Kids born in 1946 — the beginning of the baby boom generation — gathered around their TV sets to watch the Mickey Mouse Club, Leave it to Beaver and Howdy Doody. The kids born at the tail end of the boom, in 1964, tuned into Scooby Doo, Super Friends and Little House on the Prairie.
Early and late boomers have widely varied cultural perspectives and life experience — so advisors lump them together at their peril, the Insured Retirement Institute warns.
While their differences are not as pronounced as the gap between boomers and millennials, younger boomers will likely face additional challenges, according to an IRI report released Monday.
Overall, just 34% of boomers said they were confident in their ability to retire comfortably, the report found. However, older boomers, those between ages 61 and 66, were more confident, with 42% saying they could retire comfortably. Just 25% of boomers between ages 50 and 55 agreed.
“From a retirement planning perspective, we need to start segmenting the boomer cohort to ensure that we are appropriately addressing their unique retirement needs and challenges,” Cathy Weatherford, IRI president and CEO, said in a statement. “Those on the back end of the generation have had a much different workplace experience than the first boomers.”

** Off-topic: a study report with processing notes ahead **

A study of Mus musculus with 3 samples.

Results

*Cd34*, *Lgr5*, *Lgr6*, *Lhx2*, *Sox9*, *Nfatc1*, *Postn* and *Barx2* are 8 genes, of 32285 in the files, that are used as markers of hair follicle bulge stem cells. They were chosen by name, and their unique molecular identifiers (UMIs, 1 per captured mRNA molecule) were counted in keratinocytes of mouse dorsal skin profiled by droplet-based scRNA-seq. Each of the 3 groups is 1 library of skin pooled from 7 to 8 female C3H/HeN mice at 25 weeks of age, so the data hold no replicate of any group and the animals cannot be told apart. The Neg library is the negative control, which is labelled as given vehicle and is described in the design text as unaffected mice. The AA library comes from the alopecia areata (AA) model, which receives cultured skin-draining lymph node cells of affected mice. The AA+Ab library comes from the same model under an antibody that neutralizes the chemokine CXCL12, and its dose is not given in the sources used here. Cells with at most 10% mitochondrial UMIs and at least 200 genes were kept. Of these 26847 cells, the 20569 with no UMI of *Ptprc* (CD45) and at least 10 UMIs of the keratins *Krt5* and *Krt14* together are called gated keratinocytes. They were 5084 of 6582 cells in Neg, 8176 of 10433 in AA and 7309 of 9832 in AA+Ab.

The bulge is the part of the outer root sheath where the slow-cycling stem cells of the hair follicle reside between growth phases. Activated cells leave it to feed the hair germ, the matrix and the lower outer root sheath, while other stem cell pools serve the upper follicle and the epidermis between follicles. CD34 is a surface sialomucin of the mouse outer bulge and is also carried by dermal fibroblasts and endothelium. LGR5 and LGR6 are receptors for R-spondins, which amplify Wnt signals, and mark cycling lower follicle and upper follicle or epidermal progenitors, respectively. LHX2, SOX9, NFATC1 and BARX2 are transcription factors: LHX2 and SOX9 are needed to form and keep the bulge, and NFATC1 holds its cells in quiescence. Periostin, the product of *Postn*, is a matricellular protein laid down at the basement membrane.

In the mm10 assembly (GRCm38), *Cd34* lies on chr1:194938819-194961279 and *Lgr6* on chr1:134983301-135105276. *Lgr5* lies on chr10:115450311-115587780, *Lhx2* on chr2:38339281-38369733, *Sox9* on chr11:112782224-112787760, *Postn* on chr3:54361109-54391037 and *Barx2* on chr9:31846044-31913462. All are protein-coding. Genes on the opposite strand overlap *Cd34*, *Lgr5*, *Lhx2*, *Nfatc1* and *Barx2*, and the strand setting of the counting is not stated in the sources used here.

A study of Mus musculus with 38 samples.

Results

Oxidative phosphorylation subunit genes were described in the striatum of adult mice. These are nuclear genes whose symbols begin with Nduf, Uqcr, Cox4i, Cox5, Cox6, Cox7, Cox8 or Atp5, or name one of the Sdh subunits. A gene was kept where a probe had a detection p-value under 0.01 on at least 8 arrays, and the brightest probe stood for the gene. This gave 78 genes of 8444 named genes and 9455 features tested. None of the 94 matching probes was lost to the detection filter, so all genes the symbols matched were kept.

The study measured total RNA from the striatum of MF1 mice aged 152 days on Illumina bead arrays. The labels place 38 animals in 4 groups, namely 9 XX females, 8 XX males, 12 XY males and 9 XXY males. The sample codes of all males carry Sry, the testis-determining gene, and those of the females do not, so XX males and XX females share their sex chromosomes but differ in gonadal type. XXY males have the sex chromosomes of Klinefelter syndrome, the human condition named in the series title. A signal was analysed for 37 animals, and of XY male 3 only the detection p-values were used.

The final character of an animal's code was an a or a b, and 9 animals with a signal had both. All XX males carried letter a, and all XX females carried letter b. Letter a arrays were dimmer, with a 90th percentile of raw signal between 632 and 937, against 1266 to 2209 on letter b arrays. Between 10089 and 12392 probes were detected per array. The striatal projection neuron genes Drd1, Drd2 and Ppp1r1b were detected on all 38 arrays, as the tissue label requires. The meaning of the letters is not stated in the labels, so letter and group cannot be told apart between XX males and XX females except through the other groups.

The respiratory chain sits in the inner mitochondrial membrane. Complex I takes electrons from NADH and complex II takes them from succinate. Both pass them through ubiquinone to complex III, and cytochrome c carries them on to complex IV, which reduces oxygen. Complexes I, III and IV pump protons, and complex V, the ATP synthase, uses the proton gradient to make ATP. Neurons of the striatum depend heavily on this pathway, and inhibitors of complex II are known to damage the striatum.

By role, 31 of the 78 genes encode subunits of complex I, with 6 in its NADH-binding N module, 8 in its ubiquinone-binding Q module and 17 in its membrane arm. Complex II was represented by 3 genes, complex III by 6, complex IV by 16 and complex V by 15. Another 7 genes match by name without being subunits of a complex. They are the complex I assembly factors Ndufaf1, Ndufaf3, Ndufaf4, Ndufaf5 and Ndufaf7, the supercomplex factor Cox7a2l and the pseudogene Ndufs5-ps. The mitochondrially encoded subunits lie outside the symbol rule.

Weatherford noted that unlike many early boomers who likely have pension plans, younger boomers were more likely to spend most of their careers in the defined contribution plan era and “will face many of the risks and challenges that have come with it. As a result they will be more self-responsible for their retirement income security. At the same time, late boomers have less saved for retirement and their low confidence regarding their future financial security reflects this.”